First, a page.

As a rule, I was a pretty good kid.
Posted on 11/30/13
By Lee Coleman
I certainly made my line share of mistakes along the way and got a bushel of spankings for my efforts.
Some were much worse than others thanks in large part to my Marine Corps sergeant father, God rest his skinny belt where he lays.
My mother was a different story. She was a gross left-hander and would get that southpaw arm wound up with an old Bolo paddle in her grips.
She knew how to make her point but blue jeans or even a bed cover were pretty good shields for a thin piece of wood.
As scary as my dad could be when he was not a happy camper, my mom was more interested in the lessons we learned from her sessions.
Except for this one time I’ll never forget.
You see, Monday is my birthday and 50 years ago, give or take, she gave me the worse whupping of my life on my fifth birthday.
We were playing in an old gravel driveway when Mom came out of the house to tell me it was time for me to come in and get ready for my birthday party that afternoon.
I refused at the top of my young lungs. Mom went ballistic. Coming full steam at me, I thought I’d be cute and throw a handful of gravel at her all the while laughing about it.
Wrong thing to do!
She grabbed the first stick she saw and proceeded to tan my backside, dragging me into the house while letting me know I had messed up in seven different languages.
The more I screamed, the worse it got. Taking me to my bedroom, she suddenly became very calm and had these kind words to say.
“You just wait until your father gets home!” she exclaimed.
According to kid law, that was worse than getting double-dog dared by your friends.
Either way, there was no escape.
What should I do now as I turned into a puddle of petroleum pudding waiting for the front door to open?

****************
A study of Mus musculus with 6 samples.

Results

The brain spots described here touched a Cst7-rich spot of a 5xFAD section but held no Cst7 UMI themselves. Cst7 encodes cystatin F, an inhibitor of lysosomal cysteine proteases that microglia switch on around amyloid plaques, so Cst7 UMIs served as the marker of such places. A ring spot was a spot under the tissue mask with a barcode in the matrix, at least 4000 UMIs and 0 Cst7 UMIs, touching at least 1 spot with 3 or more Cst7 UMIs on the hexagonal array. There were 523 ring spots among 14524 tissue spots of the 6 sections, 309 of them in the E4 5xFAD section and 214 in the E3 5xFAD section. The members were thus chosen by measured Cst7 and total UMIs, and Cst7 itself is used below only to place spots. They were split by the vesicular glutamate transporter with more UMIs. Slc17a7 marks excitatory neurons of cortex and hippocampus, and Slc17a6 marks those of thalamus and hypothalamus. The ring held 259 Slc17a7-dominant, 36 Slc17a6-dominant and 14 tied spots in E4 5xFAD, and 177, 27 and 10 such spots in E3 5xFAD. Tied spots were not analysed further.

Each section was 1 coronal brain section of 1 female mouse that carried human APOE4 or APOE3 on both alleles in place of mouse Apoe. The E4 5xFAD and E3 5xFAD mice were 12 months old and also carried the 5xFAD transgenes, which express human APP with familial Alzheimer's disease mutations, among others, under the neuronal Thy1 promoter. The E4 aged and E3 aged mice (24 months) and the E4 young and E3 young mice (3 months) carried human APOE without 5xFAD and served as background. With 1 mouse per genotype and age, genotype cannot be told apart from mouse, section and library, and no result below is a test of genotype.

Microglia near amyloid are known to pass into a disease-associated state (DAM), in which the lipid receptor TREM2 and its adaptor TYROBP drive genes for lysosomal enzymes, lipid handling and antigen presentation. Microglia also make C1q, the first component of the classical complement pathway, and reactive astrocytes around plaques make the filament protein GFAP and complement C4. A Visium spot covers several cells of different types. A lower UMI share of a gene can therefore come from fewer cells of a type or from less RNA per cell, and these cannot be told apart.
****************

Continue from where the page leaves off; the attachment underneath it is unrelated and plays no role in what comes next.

Simple solution. I’ll just put on my junior football uniform complete with helmet and shoulder pads and hide under my bed to avoid the skinny belt as much as I could.
Diving in head first, I got about halfway under the bed when I came to a screeching halt.
You gotta be kidding me. My helmet and shoulder pads were hung up, leaving me exposed on my stomach with everything from the waist down sticking out for Dad’s easy target practice.
As I tried to free myself to no avail, I heard the front door open and heard Mom and Dad having this muzzled conversation.
Dad came down the hallway and when he saw me, I don’t recall my Dad ever laughing so hard.
Mom got mad and Dad lifted the bed off me, still laughing.
All he said was for me to get ready for my party. I thought Mom’s giant honeycomb hairdo was going to burst into flames.
She said not one word, only pointing a stern finger at me.
Funny how one finger point can last a lifetime.
I don’t dare pick up one piece of gravel today.
At least while I’m awake.
Coleman is the editor of the Republican and can be contacted at firstname.lastname@example.org.